In just his third year of teaching at Vista Academy in Brooklyn, a 2012 SJC Long Island graduate received the Principal’s Award for Educator of the Year at the middle school.
“The most rewarding aspect of teaching is being able to witness true growth – academic, social and emotional,” said Joseph Aguila, an English language arts teacher for sixth- and seventh-grade special education inclusion classes at the school in East New York. “There is nothing greater than knowing that I made any kind of contribution (to) the outcome of such growth.
“It is a true honor to be able to serve these students who will one day become responsible citizens of the world (and) who will soon serve others,” he added.
An SJC Foundation
Aguila, who earned a bachelor’s degree in English with a concentration in adolescence education, credited much of his success to the training and mentoring he obtained from his professors at St. Joseph’s.
In particular, he noted the inspiration he received from Marc Ricciardi, Ph.D., an associate professor of English at SJC Long Island.
“His writing course was the first of three of his courses I had the honor of taking,” said Aguila, who at SJC Long Island was president of both the Sigma Xi chapter of Delta Kappa Epsilon and the volunteer club, STARS. “He taught us his infamous ‘Fried Chicken Method’ for writing essays.”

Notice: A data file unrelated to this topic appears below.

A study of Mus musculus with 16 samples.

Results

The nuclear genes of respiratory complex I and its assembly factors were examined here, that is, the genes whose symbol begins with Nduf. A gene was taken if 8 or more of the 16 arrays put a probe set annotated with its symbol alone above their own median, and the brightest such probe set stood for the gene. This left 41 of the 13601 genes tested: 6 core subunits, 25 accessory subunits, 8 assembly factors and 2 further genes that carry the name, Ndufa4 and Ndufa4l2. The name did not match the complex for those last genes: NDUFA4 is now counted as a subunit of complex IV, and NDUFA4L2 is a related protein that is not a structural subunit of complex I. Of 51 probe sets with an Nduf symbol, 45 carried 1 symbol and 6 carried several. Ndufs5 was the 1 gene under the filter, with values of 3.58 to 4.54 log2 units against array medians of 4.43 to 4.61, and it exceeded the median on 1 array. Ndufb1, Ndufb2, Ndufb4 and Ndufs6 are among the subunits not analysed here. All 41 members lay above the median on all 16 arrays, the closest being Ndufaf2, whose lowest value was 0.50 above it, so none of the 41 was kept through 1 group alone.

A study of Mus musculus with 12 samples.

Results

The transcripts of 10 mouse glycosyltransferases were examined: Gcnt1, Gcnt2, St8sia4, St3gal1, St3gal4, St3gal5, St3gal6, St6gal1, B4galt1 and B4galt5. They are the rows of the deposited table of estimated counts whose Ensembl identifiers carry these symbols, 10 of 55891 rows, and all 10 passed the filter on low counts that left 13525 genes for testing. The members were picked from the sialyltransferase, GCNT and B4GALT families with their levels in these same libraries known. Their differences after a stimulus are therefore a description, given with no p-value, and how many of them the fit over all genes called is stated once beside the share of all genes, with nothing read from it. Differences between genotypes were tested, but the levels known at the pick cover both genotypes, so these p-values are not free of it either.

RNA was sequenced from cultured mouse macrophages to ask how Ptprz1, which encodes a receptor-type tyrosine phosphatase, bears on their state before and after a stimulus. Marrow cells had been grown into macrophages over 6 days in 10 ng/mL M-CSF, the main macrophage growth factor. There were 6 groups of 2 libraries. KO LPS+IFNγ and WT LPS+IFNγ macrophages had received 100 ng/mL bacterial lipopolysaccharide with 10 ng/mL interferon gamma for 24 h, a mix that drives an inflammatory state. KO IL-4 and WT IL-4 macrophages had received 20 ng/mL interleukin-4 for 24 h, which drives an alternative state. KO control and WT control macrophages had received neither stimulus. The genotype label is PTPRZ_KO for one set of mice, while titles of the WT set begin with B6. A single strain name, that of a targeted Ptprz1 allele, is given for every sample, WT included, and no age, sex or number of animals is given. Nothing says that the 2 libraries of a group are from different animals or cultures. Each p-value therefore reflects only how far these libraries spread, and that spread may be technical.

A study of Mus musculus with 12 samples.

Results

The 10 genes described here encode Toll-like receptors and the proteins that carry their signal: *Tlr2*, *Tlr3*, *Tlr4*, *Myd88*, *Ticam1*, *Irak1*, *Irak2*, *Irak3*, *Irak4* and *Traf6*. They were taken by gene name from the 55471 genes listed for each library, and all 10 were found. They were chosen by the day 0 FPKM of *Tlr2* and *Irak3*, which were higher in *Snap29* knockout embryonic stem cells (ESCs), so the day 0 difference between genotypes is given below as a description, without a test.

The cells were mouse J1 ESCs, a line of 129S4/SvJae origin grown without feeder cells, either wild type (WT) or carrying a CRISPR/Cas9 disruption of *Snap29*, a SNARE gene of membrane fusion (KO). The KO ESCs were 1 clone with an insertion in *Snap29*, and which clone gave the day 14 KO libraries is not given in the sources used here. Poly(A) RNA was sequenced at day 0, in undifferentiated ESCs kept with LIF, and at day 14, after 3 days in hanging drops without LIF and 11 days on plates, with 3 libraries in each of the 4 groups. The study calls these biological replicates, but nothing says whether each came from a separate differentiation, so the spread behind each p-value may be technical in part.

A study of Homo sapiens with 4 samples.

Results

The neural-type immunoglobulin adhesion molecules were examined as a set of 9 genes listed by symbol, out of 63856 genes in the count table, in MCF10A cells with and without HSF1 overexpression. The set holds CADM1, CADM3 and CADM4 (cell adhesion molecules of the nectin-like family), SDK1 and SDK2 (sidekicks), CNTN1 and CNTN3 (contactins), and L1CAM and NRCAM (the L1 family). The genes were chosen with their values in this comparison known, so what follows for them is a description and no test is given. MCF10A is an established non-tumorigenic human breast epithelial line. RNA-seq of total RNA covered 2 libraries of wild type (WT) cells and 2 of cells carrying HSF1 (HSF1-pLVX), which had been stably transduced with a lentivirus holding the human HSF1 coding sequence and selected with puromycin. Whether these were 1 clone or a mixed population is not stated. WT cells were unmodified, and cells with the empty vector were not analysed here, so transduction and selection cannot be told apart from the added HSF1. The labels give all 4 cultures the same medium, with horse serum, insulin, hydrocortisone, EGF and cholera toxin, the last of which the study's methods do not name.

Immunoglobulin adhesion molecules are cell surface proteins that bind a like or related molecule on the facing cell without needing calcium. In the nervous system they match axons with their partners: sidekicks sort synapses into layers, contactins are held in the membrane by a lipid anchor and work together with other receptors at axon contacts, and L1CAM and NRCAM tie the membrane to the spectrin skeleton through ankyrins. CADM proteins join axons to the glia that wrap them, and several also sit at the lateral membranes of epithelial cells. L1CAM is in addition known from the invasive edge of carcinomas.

The Fried Chicken Method is a detailed explanation of what information should be included where in an academic paper – right down to the number of sentences.
“Not only am I forever grateful for his energetic – far be it from me to say eccentric – personality in the classroom, but I have him to thank for inspiring me to adapt this writing method to what my students know as the Ducky Tie Method,” Aguila said. “The Ducky Tie Method was named after a vibrant Ducky Tie that I own. I actually wear it and use it every year on the first day that I teach this writing method.
Aguila noted that the he uses the tie to represent an organized structure, telling his students that “writing essays is like tying a tie: taking each necessary step in the process will lead to effective results.”
“I then usually demonstrate tying the tie while narrating each step as though it was part of an essay. I also tie it in an unorganized, disheveled manner to show them the difference between taking their time with the steps of the process and choosing to simply rush without ‘editing and revising,'” Aguila said.
“Dr. Ricciardi once promised, in his own Ricciardic fashion, that if I adapt (his writing) method to my teaching career, I would be guaranteed tenure; as fate would have it, I seem to be on my way,” he said.
Along with gaining an education, Aguila also gained a soulmate. “I would not be the person I am without the never-ending support and encouragement from my beautiful wife,” he said, referring to 2011 SJC Long Island graduate Natalie Higbee-Aguila. “She inspires me to always be grateful for every day that I have with my students and to always strive for growth.”